Saturday, February 22, 2014

Taking the Fork in Venezuelan Road

In The Nation, George Ciccariello-Maher offers up an interesting view of the protests in Venezuela with a sympathetic focus on "democracy from below," as opposed to "liberal democracy."

At least in my eyes, here is the key quote:

Venezuela is indeed at a crossroads, having—in the words of the militant-intellectual Roland Denis—“llegado al llegadero, arrived at the inevitable.” It is the point at which the Bolivarian process itself—socialism in a capitalist society, thriving direct democracy in a liberal democratic shell—cannot survive without pressing decisively toward one side or the other: more socialist, more democratic, in short, more radical. This is not a crossroads simply between two possible forms of government from above: the Maduro government or its hypothetical right-wing alternative. It is instead a question of either pressing forward the task of building a revolutionary society, or handing the future back to those who can think of nothing but the past, and who will seek to fold the historical dialectic back onto itself, beaten and bloody if necessary. [Emphases in original]

This struck me because it gets down to the question of where these events are leading Venezuela. The opposition is the minority, but it is a large minority. Pressing more decisively in the direction of revolutionary socialism by definition means rejecting a very significant chunk of the Venezuelan population. Is that viable without protracted civil war? Can it happen without resorting to "beating and bloodying" that minority?

These are practical questions because such a society will require a much more aggressive use of the military internally, or at least I can't imagine how else that minority would be silenced. Is there some way of bringing that minority into the revolutionary fold without force?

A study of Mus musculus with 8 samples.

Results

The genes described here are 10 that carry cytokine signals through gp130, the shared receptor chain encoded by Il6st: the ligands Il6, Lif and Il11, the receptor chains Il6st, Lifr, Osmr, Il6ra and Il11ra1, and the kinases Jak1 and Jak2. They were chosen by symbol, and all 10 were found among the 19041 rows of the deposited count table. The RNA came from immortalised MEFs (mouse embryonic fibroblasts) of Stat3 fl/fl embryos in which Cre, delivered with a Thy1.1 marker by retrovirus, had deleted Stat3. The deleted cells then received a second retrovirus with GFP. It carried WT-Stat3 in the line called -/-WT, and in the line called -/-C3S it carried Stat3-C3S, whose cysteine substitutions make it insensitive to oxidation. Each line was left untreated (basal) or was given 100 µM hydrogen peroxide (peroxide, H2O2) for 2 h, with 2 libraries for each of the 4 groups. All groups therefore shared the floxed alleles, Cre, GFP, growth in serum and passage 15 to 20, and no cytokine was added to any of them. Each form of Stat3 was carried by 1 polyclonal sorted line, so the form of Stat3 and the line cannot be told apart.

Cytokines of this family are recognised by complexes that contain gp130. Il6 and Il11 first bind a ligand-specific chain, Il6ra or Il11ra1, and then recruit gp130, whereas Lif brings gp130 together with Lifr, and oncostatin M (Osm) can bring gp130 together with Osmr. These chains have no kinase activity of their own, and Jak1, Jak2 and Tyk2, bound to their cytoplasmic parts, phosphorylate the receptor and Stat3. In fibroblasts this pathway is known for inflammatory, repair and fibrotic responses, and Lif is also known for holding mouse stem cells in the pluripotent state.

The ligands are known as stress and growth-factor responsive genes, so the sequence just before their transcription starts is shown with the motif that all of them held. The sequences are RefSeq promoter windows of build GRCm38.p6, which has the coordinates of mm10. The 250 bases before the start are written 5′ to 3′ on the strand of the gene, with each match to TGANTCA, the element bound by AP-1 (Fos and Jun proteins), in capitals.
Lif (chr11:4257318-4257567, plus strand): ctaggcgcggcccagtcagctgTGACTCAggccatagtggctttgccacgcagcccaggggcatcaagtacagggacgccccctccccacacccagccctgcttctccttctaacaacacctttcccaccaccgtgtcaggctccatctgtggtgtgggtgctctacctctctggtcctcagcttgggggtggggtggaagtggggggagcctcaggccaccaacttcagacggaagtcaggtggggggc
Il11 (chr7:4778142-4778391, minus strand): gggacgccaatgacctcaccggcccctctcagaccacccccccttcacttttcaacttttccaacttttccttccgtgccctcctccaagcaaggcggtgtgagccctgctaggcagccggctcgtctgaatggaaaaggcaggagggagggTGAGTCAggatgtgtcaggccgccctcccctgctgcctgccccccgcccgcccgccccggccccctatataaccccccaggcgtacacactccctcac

Given how difficult and violent that route likely is (unless I am missing something in that regard) I would think the more likely result is more of the same. The opposition (especially since it seems to have no military support) will not take power, and the Maduro government will talk of deepening the revolution without truly doing so. As Yogi Berra allegedly once said, when you come to a fork in the road, take it.


Anonymous,  9:06 PM  

I think you are underestimating the desire for change among people who are not necessarily opposition voters, students and protestors. Increasingly the members of the working class will continue to join the opposition. Not because they want a return to corrupt liberal democracy. Nor the rule of elites. Quite simply the Maduro regime's economic performance will lead them to rebelling against the "revolutionary" status quo.

Anonymous,  12:35 PM  

I think you are missing the point here about more "radical democracy." The author is pointing out that there is a basic contradiction between state oriented politics focused on political parties and leaders like Maduro or Capriles and the desires of Venezuelans for direct democracy and control over their own future. It is the liberal democratic model that makes the current deadly split between right and left a political necessity. The vision of the future offered by radical democracy is what is being lost in this conflict.

Greg Weeks 3:04 PM  

No, this is the precise point I was asking questions about. If almost half of the country is not on board with the radical vision of the future, then what happens to them?

Anonymous,  3:53 PM  

I really don't see how participatory democracy in the form of collectives, worker's councils, etc. inherently excludes half the population. It is does exclude the privileges currently held by business and state elites (both in the opposition and government). The same two groups that are pounding their chests the hardest over these protests. Is that just a coincidence? Or does it speak to the existing contradictions of power and democracy in Venezuela?